When an application is made for a financial order by a husband or wife, there are a number of factors the Court have to take into account under the Matrimonial Causes Act 1973.

These include for example length of the marriage, income and capital of the parties, age and health of the parties with any minor children of the marriage being the first consideration.   The Court may also take into account – in it’s discretion – conduct and/or contributions of the parties.   For the Court to take into account, the conduct/contributions have to be exceptional.  And exceptional really does mean exceptional.  When the Courts do recognise special contributions in a matrimonial case legal commentators have likened it’s application to the sighting of a white leopard.

Conduct – bad behaviour in the proceedings – litigation misconduct –  is usually penalised by an order for costs.  Outside of that, the case law has centred around husbands or wives causing their former spouses physical harm which prevents the Injured party from leading a normal life.

Contributions – there have been a number of cases about contributions – which are the flip side of bad conduct.  These cases have normally been about very very successful men who have made fortunes through their own business acumen.  The starting point in financial applications, after the case of White -v- White – is to first of all to look at what an equal split of the net assets gives; and then to make adjustments if necessary to achieve a fair and reasonable result.

However since that case there have been a number of cases where husbands have tried to argue that they should receive more than 50% because of their special contribution to the marriage.  These cases are interesting because they involve the super wealthy and famous and give a fascinating insight into how the super rich live and spend their money.  Ryan Giggs the Manchester United player (now retired) was going to argue that he had made a special contribution by his gifts as a footballer – but he then reached a settlement with his wife Stacey Cooke.

One of the first cases (after White) involved the divorce of the man Mr.Cowan who invented the concept of the bin liner which could be rolled up to sit on a supermarket shelf. In that case, Mrs. Cowan was awarded 38% of the family assets (£4.4 million) and Mr. Cowan 62% (£7.1 million).  The Court held that a fair division did not necessarily require equal shares because of Mr. Cowan’s genius.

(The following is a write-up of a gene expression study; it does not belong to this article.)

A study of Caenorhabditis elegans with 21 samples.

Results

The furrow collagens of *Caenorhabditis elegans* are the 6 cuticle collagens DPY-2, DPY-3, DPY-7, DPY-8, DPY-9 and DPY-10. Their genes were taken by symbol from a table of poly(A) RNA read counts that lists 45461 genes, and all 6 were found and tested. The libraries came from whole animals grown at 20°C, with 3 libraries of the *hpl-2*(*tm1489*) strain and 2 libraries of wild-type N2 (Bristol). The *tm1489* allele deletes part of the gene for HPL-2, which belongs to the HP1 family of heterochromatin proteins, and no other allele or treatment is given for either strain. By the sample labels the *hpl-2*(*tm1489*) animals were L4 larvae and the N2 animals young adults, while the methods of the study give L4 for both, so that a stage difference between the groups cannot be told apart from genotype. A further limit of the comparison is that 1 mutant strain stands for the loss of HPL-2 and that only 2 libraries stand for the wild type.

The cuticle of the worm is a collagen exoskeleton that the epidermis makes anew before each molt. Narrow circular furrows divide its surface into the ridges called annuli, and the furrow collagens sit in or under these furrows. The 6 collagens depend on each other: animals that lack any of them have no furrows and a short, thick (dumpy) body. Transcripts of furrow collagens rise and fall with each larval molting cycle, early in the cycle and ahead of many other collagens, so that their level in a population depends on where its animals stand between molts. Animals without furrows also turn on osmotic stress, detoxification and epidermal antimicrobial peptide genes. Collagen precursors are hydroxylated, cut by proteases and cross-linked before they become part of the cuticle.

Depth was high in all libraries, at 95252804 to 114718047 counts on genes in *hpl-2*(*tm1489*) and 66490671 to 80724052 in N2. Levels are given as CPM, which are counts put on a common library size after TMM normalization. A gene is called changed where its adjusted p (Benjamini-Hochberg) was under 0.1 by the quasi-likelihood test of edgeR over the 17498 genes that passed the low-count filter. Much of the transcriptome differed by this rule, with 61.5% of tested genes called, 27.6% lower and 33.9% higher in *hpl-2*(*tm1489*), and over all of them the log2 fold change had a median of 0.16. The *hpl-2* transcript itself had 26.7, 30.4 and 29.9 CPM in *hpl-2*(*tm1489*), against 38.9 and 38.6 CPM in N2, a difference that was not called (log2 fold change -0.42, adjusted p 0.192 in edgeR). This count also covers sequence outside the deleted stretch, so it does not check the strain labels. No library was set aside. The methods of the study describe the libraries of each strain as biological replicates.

In a subsequent case in 2002,  Mr. and Mrs. Lambert’s family wealth was derived from publishing free newspapers such as Friday Ad.  In this case the ex wife was awarded half the couple’s assets of more than £20 million.  The Court held that it was unacceptable to rate the husband’s contribution as breadwinner in a long marriage as being greater than the wife’s contribution as homemaker.

In 2005 in the case of Sorrell the husband received 60% of the family assets.  Mr.Sorrell was a hugely successful businessman, with a very high earning capacity,  who for example enjoyed a car parking space at Harrods.  The assets were in the region of £75 million (net).

Perhaps the best known case is that of Sir Paul McCartney’s divorce from Heather Mills.  They were married for around 4 years and had one child Beatrice.    Heather Mills sought £125 million  but was awarded £24.3  million.  This was a short marriage and Sir Paul McCartney undoubtedly  had the spark of genius as a result of his long career as a musician and songwriter.  However this decision may be more about Heather Mills being criticised for her “make-belief”, inconsistency and inaccuracy during the 6 day hearing.    She also sacked her legal team and flung water over Sir Paul’s solicitor Fiona Shackleton.

There has been a recent case where the husband’s special contribution was recognised – XW -v- XH 2017 – as a result of the spectacular growth in the value of assets during the marriage.    At the time of the marriage in 2008, the husband had assets totalling approximately £3.8 million.  As a result of the sale of his company, and brilliant investment decisions,  by the time of the hearing in 2017 the husband’s wealth was in the region of £500 million.

So special contribution, as an argument,  is still alive and kicking though still very rare.  The Courts dislike the concept because it is seen as highly discriminatory favouring the person who accumulates vast wealth at the expense of the other spouse who is the homemaker and makes all the domestic contribution.  Running the argument also involves the unattractive spectacle of one party running up a huge amounts in lawyer’s fees to brag about their own self imagined genius; whilst the other party counts such arguments by describing their former spouse as a bad parent and spouse.

For further information in relation to the factors that are relevant in a financial application between husband and wife please contact us on our website at www.harneywells.co.uk or by e mail at enquiries@harneywells.co.uk.